Aussie MC Romy Hoffman has a lot on her mind, which quickly becomes clear when listening to her full-length debut as Macromantics. On Moments in Movement, her train of thought runs wild, whether she's spitting with bizarre braggadocio or melancholy introspection. Lines like "Everyone's just trying to jump on the bandwagon/But I'm just chasing the back of a damn dragon" (from "Bandwagon") show this up-and-comer is as in touch with fantasy as she is reality.
"My thoughts are all scattered and cluttered," Hoffman explains of her abnormal lyrical approach. "I go on tangents and I wanna talk about myself and philosophy and how I fit into the world at large and the cosmos and chaos. And you're allowed to do that in hip-hop. It's a really post-modern form of writing."
Rhyming wasn't always Miss Macro's chosen form of expression. Originally a guitarist, she made a name for herself in the mid-'90s by playing with Ben Lee's now disbanded pop-punk band Noise Addict. While touring with Noise Addict in America, then-15-year-old Hoffman discovered and fell in love with hip-hop.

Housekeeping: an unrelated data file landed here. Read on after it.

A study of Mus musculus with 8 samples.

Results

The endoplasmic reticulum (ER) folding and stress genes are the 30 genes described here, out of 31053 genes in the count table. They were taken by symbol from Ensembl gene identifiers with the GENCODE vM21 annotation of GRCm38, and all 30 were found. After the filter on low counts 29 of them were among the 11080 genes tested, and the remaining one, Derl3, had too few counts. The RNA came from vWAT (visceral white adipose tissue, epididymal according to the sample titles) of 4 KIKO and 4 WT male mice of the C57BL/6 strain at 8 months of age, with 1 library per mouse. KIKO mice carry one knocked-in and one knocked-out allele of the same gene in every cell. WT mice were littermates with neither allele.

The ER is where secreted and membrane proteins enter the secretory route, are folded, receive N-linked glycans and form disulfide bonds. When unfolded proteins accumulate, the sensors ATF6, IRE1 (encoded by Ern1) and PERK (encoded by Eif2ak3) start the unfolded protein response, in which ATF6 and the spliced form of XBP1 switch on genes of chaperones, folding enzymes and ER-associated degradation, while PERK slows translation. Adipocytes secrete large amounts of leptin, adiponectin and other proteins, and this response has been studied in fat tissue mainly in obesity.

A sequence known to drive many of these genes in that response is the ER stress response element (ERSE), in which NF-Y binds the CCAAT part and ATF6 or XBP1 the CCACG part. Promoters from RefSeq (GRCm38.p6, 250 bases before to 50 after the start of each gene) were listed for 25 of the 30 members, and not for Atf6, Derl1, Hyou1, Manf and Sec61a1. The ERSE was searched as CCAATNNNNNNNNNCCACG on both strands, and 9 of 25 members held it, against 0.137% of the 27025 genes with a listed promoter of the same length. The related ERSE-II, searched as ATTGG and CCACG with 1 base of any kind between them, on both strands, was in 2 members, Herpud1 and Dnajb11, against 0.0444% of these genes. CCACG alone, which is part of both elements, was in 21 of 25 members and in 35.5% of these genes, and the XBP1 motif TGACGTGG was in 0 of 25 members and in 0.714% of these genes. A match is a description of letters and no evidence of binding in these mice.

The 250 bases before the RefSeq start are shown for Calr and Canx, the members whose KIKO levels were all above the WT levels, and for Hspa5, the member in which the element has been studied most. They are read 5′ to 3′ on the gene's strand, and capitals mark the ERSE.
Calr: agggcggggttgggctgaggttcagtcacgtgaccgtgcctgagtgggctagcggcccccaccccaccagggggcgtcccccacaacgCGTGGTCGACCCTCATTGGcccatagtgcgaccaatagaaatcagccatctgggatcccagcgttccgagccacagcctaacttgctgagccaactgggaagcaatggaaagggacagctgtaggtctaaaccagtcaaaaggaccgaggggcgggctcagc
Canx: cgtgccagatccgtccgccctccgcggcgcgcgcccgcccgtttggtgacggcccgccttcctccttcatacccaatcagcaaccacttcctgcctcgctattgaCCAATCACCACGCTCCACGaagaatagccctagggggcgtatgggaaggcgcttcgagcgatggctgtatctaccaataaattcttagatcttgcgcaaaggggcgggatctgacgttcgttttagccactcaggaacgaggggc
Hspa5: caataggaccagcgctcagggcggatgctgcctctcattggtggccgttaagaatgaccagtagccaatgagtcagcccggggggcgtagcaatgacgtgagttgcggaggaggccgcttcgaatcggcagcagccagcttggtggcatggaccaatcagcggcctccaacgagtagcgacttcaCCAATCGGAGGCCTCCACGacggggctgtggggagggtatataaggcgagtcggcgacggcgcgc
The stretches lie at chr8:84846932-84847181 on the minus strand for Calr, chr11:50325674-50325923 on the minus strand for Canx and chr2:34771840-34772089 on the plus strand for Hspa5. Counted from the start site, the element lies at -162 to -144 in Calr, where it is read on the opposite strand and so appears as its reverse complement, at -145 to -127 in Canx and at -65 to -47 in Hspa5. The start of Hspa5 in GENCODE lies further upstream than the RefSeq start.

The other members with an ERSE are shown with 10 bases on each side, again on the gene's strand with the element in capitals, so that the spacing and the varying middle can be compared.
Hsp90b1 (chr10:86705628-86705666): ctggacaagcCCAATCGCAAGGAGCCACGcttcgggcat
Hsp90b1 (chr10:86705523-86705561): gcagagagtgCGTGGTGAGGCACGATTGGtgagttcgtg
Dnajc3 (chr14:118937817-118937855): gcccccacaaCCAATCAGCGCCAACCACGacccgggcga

"Everyone's voice is important and should be heard, and that's what really spoke to me about hip-hop," says Hoffman. "It was saying something about society and culture and blending thoughts about self and philosophy and politics. It became a genre of music and a genre of writing that I found to be perfect to get my voice across."
Hoffman started sharpening her rhymes, but opportunities for MCs in the Land Down Under were scarce. Thus, in the early 2000s, she moved to America to record, and found no shortage of inspiration. As the war in Iraq began to spin out of control, she recorded Hyperbolic Logic, an EP full of dark, stream-of-consciousness rhymes ignited by the climate in the U.S. "I was kind of overwhelmed," she admits. Moments in Movement was recorded back in Australia, and it finds Hoffman lightening things up a bit with catchier songs (such as the progressive "Scorch") and genre-bending producer Tony Buchen (a.k.a. Buchman) behind the boards. That's not to say that this album is less socially conscious–all of Hoffman's life experiences are reflected in her imaginative freestyles.
"The way stars twinkle at night is going to affect my writing as much as who gets into power next and what happens in Iraq," she says. "I feel what I do is journalism–I'm commenting on all of that stuff."